Ghost Portrait

Ghost Portrait

by Gregory Norminton

Living out his last days in rural Kent in 1680, the celebrated painter Nathaniel Deller bargains with his former pupil William Stroud - if he will complete Nathaniel's portrait of his beloved, long dead wife, William may claim their daughter Cynthia.

  • Category: Uncategorized
  • Rating: 3.55
  • Publish Date: March 1st 2006 by Sceptre
  • Isbn10: 0340834668
  • Isbn13: 9780340834664


I enjoyed reading about Cynthia and the heavily pregnant wife of the painter -Belinda, whose portrait the story revolves around when Nathaniel The Painter: asks his Student: William if he would continue his portrait after his death, in return for Nathaniel's Daughter Cynthia. Reading about Cynthia helped me determine the story and let me breathe through the sometimes heavy passages of old historical language that I, as a modern day reader have never heard of, nor thought of learning. For a diverse read in a different style I would suggest picking up this book and giving it a go.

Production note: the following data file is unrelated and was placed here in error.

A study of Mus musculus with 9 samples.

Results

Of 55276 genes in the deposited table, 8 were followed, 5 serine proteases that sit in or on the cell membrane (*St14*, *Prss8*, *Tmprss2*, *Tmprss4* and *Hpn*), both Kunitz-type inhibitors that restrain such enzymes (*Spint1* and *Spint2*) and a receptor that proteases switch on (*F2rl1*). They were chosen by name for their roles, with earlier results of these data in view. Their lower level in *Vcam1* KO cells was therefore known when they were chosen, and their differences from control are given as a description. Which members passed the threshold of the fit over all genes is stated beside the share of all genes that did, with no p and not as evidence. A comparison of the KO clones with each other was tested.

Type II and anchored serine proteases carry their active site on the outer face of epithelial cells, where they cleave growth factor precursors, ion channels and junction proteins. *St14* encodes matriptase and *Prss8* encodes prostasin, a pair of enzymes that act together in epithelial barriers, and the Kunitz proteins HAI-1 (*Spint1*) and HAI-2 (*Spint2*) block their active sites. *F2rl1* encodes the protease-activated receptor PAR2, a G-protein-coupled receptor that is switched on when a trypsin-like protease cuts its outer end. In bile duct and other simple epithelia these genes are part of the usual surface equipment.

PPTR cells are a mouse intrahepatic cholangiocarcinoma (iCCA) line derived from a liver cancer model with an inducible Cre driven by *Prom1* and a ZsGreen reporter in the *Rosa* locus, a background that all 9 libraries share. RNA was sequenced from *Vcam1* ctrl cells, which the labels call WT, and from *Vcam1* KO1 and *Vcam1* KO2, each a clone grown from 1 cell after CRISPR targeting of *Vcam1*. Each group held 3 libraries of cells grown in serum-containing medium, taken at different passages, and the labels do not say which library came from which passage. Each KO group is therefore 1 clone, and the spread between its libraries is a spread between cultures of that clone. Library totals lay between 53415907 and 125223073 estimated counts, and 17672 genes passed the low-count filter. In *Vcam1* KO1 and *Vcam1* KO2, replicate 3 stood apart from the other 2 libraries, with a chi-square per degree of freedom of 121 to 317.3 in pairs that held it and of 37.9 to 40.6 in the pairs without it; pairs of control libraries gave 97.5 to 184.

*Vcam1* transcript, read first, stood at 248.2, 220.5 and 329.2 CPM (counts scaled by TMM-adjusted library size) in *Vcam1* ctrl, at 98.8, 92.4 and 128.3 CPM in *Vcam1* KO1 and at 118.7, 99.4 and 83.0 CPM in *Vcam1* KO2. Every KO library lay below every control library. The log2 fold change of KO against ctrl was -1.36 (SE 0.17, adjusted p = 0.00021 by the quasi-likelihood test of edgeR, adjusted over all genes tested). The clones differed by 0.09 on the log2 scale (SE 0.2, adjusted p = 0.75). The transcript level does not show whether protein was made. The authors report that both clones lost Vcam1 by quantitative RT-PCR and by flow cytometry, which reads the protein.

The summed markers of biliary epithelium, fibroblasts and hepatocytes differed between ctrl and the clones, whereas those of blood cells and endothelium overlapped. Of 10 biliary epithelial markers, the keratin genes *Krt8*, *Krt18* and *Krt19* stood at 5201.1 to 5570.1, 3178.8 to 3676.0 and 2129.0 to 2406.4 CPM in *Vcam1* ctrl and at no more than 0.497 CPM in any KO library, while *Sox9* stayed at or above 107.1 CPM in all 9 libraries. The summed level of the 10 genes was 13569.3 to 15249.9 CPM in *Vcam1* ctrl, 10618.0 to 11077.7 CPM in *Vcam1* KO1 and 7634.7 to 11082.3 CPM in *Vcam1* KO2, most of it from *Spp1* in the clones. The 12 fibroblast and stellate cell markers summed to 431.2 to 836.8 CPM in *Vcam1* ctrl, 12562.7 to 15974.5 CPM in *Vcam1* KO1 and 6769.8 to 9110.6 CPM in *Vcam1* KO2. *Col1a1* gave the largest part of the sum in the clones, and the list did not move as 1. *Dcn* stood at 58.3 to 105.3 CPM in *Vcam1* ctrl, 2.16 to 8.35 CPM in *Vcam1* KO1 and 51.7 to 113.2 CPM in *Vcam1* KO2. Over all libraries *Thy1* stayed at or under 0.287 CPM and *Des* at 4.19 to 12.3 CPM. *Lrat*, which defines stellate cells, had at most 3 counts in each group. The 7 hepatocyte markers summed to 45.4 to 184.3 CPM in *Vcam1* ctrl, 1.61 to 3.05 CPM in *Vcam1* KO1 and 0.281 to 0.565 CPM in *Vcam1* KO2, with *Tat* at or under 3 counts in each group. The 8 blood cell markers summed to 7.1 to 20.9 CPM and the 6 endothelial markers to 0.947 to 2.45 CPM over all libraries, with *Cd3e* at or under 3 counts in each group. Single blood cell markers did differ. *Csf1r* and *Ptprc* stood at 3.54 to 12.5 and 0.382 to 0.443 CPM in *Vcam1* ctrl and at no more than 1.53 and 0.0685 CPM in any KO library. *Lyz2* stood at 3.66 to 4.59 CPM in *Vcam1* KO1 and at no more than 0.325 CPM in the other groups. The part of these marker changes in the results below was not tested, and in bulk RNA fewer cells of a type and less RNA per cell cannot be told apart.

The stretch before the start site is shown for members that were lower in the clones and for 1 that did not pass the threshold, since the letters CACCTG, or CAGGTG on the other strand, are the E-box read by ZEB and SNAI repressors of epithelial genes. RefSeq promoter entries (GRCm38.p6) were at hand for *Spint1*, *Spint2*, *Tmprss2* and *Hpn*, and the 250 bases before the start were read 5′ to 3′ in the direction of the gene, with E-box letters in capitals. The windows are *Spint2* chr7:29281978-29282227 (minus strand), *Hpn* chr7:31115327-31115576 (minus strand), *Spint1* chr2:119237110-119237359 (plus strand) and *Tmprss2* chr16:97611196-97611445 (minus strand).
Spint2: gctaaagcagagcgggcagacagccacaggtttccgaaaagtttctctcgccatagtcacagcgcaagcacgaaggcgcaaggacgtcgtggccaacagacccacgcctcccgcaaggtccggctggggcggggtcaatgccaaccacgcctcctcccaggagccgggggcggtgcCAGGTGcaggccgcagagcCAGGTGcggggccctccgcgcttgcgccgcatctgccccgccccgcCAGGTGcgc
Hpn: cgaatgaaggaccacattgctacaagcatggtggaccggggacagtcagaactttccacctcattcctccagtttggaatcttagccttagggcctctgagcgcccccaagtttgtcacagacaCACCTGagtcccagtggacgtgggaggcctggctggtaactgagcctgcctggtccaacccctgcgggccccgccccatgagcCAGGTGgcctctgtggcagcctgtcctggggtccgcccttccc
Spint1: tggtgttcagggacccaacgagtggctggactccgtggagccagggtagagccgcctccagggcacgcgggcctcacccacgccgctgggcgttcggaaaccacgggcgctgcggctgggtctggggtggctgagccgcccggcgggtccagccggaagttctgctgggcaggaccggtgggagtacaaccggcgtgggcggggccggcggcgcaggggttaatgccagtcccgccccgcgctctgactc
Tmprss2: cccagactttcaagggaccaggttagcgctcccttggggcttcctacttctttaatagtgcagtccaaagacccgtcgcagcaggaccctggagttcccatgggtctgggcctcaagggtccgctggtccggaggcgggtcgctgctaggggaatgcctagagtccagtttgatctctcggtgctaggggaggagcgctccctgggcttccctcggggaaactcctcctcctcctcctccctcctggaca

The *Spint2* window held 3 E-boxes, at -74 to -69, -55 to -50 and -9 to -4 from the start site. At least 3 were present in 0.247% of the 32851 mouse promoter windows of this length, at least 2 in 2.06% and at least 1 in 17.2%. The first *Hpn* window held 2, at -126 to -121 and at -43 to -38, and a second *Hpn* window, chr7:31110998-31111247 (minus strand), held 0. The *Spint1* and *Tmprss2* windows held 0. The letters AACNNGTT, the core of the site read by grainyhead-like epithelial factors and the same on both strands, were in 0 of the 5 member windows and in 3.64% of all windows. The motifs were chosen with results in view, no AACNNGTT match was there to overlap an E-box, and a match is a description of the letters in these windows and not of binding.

If William finishes it, Nathaniel indicates that William may once again look with love and win Nathaniel's daughter Cynthia (who lives with and cares for her father, trapped in the dark and stern household.) Interwoven are stories from two other time periods of Deller's life-- The night of Charles ll's return from exile in 1660, when Deller is accused by his former friend Thomas Digby of betraying their ideals and 10 years earlier just after Charles l's execution when the young Deller had joined a political group too radical even for the Roundheads. I admit that the concept most fascinating was of Deller guiding Stroud how to complete the painting of a subject he could see so clearly in his head that Stroud had never seen.